Duplin highways receive state funds
By Catharin Shepard
Published in News on November 29, 2009 1:50 AM
More than 50 miles of highway in Duplin County will be widened and/or resurfaced in 2010 as part of a $21.3 million statewide improvement project, the governor's office announced last week.
Nine miles of N.C. 411 north of N.C. 41 to N.C. 903 will be widened, while 0.4 miles of N.C. 403 from Spencer Road (S.R. 1734) to the U.S. 117 connector in Sampson County will be resurfaced.
Just over 11 miles in Duplin County between the Sampson and Wayne County lines, 25.2 miles from Teachey to Faison city limits in Duplin County, 2.8 miles from N.C. 403 in Sampson County to Duplin County Line and 3.4 miles of N.C. 111 from Bryan Road (S.R. 1800) to 0.1 miles south of N.C. 41 in Duplin County will be resurfaced and the shoulders reconstructed.
The $8.4 million contract package for the Duplin County work was awarded to Barnhill Contracting Co. of Tarboro.
The work could not come at a better time for these sections of road, DOT maintenance engineer Jerri Parker said.
"It's alligator cracking, it's just coming up. We're making a lot of patching right now," she said.
However, besides minor preparation work on the highway, the widening project will not begin in earnest until 2010, DOT communications officer Steve Abbott said.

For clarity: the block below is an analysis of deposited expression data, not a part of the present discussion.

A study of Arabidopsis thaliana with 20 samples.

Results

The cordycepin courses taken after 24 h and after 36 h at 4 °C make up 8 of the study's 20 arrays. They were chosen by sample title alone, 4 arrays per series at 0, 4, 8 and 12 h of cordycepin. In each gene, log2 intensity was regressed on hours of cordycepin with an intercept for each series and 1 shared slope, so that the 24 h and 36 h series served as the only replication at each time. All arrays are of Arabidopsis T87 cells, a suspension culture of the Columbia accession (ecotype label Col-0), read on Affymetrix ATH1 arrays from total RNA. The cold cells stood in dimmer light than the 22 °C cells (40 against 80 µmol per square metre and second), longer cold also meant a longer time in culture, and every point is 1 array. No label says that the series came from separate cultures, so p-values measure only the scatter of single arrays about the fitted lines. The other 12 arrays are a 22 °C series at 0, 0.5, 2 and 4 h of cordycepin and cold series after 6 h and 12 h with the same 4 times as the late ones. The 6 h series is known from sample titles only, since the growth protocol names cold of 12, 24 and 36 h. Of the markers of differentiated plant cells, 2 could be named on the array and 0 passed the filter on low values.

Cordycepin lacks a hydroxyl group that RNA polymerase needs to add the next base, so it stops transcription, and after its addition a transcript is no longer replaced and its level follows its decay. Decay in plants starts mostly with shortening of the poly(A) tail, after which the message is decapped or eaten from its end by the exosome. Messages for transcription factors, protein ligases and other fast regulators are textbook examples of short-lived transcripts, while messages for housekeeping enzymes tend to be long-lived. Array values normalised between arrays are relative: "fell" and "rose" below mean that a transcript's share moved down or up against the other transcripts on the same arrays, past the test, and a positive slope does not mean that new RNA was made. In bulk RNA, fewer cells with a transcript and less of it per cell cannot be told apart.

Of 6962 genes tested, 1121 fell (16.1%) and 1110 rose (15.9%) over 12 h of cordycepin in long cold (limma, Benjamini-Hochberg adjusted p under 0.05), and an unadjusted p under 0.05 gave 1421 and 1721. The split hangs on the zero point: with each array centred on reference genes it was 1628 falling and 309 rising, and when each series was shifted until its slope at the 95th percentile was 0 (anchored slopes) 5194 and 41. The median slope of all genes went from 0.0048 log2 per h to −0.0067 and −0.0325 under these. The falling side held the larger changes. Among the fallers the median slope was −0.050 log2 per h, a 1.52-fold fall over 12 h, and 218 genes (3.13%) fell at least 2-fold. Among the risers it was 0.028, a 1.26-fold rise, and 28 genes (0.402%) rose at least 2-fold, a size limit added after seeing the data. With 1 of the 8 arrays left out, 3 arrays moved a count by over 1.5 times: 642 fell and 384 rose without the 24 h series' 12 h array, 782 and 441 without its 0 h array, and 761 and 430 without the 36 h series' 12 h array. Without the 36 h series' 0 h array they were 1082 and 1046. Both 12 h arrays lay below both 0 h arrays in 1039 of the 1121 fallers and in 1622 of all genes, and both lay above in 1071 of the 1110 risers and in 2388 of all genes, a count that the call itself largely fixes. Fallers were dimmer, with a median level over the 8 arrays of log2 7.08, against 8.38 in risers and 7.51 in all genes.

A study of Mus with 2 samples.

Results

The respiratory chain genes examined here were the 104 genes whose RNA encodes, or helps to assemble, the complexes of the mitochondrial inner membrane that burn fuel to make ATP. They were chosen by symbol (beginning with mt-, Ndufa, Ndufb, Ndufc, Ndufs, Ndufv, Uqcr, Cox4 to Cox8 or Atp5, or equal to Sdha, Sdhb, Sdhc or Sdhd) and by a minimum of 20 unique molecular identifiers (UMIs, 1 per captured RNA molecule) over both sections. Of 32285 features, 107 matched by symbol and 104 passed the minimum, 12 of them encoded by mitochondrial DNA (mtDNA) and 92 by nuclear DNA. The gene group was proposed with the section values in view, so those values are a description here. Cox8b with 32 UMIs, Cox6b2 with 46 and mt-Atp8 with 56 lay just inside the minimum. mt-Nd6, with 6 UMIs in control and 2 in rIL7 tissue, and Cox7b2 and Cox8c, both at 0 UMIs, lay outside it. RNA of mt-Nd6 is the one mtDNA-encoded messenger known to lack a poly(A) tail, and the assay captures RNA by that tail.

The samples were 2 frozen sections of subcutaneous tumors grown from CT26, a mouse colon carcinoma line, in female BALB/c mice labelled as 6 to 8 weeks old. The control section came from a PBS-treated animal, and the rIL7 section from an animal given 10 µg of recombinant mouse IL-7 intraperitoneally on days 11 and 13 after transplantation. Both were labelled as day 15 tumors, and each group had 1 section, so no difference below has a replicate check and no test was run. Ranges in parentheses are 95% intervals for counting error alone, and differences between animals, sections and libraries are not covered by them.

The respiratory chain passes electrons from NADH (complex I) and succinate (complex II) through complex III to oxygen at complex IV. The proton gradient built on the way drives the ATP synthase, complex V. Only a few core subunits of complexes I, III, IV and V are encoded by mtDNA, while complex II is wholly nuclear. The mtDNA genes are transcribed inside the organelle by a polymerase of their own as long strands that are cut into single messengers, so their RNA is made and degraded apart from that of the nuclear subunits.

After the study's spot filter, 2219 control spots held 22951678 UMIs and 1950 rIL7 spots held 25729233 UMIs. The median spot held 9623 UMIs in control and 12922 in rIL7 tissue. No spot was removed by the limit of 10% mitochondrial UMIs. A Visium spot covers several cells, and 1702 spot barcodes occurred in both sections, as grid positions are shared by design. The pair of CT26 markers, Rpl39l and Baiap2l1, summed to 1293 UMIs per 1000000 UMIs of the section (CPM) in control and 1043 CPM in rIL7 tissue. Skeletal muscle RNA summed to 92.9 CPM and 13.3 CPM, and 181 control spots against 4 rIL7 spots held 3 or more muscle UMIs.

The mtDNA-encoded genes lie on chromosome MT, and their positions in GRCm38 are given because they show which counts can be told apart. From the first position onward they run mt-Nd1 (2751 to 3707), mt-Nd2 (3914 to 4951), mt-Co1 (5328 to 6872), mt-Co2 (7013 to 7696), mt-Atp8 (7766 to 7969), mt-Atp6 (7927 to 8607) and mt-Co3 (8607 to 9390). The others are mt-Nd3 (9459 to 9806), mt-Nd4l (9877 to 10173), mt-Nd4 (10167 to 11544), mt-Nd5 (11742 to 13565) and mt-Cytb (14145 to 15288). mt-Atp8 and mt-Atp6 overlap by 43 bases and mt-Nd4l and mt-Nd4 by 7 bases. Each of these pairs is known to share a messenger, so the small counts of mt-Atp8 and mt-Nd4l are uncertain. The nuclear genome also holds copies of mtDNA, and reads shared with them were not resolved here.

"It can begin as early as Jan. 4, it must be finished by Dec. 12," he said.
The contract was one of eight that were awarded for highway and bridge projects across North Carolina. The contracts were awarded by the N.C. Department of Transportation to the lowest respective bidder. Two more projects will be bid out in the near future.
Gov. Bev Perdue's office announced the contracts on Nov. 24. Four of the projects will be funded through the American Recovery and Reinvestment Act.
"Recovery dollars continue to help us put North Carolinians to work and deliver much-needed transportation projects," the governor said in a statement.
The four recovery projects are located in Alleghany, Halifax, Rockingham and Wilson counties. Work in Duplin, Brunswick, New Hanover, Onslow, Pender, Sampson and Wake counties will not be funded by the program.
The bids received on all 10 projects were about $4.1 million less than the DOT expected.